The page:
Yes it can, if you violate a Trademark, whether you realize you’re in violation or not.
This issue has caught my attention for two reasons this week. (1) I just heard about a home-based business owner who’s being sued over a Trademark violation, and (2) One of my Private Forum Members was thinking about registering a domain name that could be considered in violation of a Trademark. Luckily, that person asked about it in the Private Forum, and it was pointed out before anything bad could happen.
Lots of home-based EBiz owners either don’t think that they’ll ever be caught up in something like this, or don’t understand what to be careful of. It’s something that’s important to keep in mind. It does happen. Like I said, I know of a case in court right now where a home-based eBiz Owner violated a company Trademark, and is likely spending a fortune right now trying to defend himself in court. Whether he did it on purpose or not, well, that’s for the jury to decide at this point.
The particulars of that case don’t really matter. The important thing is that you understand the basics of Trademarks and steer your business clear of violating them.
So, here are the things you’ll want to keep in mind. There are two very common ways to violate Trademarks. Inappropriate domain names, and counterfeit products.
1. Inappropriate domain names:
Registering a domain name for your web site is easy. Go to one of the countless hosting sites that register domains, pick one, pay a few bucks and you’re on your way.
If you pick the wrong one, though, you could be on your way to court.
Let’s say you’re going to sell Wilson tennis racquets online, and it seems like a really good idea to you to register the domain name WilsonTennisRacquetsOnline.com. That’s actually a very bad idea, because the company that makes Wilson tennis racquets undoubtedly has the name Wilson Trademarked in relation to their products. That domain name would be in violation of their Trademark.
Be sure you keep the names of other companies and their specific product names (for example, the word “iPod”) OUT of your domain names. Doing anything else is asking for trouble.
(Legal disclaimer: “Wilson” and “iPod” are the intellectual property of their respective Trademark holders and are used here simply as examples). See what I mean? You have to be careful!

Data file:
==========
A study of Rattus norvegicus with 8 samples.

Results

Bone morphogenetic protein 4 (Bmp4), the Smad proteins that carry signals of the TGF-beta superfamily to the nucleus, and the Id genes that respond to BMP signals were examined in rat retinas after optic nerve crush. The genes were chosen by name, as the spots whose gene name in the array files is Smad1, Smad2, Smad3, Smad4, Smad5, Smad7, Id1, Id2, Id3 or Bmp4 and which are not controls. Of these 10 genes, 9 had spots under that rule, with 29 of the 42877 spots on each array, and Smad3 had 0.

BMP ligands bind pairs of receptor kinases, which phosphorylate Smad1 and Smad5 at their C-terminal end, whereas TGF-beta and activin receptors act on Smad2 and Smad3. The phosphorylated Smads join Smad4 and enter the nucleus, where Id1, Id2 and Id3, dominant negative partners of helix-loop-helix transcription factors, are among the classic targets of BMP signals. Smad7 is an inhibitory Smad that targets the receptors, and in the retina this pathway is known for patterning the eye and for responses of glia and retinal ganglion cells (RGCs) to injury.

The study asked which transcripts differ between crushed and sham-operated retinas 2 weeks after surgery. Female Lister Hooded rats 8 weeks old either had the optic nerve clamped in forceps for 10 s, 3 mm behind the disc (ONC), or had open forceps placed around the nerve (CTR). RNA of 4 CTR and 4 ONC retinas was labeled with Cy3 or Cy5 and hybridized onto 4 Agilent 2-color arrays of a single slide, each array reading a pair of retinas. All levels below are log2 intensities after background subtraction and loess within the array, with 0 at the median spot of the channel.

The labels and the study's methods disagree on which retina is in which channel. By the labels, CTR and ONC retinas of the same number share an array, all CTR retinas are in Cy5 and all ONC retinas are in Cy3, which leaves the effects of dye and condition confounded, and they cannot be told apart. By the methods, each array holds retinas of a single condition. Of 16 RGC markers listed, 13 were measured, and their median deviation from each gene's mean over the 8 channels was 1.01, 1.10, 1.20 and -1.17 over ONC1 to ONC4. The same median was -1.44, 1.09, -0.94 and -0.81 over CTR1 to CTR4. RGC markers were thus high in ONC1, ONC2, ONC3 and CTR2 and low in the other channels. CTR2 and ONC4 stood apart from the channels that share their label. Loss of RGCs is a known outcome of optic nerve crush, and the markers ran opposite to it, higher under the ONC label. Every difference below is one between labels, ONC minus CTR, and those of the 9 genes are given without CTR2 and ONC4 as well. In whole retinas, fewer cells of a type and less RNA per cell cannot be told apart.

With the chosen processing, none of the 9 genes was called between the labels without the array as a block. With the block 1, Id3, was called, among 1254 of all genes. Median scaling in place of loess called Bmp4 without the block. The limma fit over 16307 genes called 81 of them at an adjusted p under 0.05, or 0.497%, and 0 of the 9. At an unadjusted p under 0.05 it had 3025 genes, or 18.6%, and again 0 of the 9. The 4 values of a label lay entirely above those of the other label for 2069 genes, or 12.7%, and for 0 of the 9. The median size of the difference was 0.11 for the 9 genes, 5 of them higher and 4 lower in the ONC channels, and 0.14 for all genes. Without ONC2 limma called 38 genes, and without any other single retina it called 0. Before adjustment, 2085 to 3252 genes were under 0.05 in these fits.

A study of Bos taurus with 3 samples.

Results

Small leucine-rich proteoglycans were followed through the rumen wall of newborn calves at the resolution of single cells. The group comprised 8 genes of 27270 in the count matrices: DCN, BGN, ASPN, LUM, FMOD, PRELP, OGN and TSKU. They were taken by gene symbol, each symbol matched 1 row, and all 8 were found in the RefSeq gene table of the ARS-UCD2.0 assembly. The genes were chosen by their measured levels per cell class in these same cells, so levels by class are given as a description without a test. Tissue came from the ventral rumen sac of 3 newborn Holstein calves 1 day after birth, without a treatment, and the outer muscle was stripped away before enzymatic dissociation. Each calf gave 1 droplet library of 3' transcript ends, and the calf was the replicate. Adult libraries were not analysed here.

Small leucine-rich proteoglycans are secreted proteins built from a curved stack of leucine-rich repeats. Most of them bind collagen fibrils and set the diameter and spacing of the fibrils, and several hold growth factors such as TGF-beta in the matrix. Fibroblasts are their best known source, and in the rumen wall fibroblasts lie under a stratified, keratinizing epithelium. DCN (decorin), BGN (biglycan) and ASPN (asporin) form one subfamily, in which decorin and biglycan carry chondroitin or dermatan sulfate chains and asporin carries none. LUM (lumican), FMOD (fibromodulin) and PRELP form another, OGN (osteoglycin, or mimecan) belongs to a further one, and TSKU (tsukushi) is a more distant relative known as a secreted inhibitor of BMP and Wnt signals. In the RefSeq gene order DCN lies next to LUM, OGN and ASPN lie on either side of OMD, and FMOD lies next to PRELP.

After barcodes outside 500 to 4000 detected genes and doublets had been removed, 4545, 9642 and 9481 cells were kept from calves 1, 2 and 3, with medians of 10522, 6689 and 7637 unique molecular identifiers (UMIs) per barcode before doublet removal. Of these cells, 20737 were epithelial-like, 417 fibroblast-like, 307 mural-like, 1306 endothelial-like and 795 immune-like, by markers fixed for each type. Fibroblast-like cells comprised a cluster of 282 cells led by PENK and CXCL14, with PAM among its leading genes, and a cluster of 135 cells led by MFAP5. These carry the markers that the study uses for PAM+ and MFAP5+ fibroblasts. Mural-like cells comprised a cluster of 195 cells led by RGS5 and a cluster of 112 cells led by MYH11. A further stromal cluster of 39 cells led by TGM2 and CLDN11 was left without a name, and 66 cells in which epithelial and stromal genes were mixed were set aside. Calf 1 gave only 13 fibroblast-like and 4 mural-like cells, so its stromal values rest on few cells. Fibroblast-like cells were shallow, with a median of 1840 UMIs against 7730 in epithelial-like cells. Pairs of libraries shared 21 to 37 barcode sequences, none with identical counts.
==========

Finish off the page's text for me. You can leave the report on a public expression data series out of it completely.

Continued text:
If you want to find out if any of the major words in a domain name you’re thinking about registering is Trademarked, go here and click the “Search Marks” button. That’ll tell you whether you need to steer clear of the word(s) you’re considering.
2. Counterfeit products:
There are a LOT of counterfeit products coming out of places like China these days. Products that look like name-brand merchandise, and even have the actual name brands ON them. If they are not made by the company that owns the trademark, they are counterfeit, and you should NOT sell them. I know that lots of people think that if they can get cheap knock-offs at a low price they can make a lot of money on them.
Well, maybe they will. I hope so, because they’ll need a lot of money for legal defense when the Trademark owners catch up to them.
Remember that it’s very difficult if not impossible for these Trademark owners in the US to sue the counterfeit manufacturers in China, so they do the next best thing; they go after the people they can get to in the US. That means you, and you don’t want to be in that situation.
(a) Please be careful when registering domain names to sell name brand products
(b) Never use another company’s name or Trademarked words in your domain name
(c) NEVER sell counterfeit goods.
You can make plenty of money online without having to worry about getting sued over Trademark violations!
This article has been provided by Chris Malta's blog. Find more great information about your online business on Chris's site. HERE.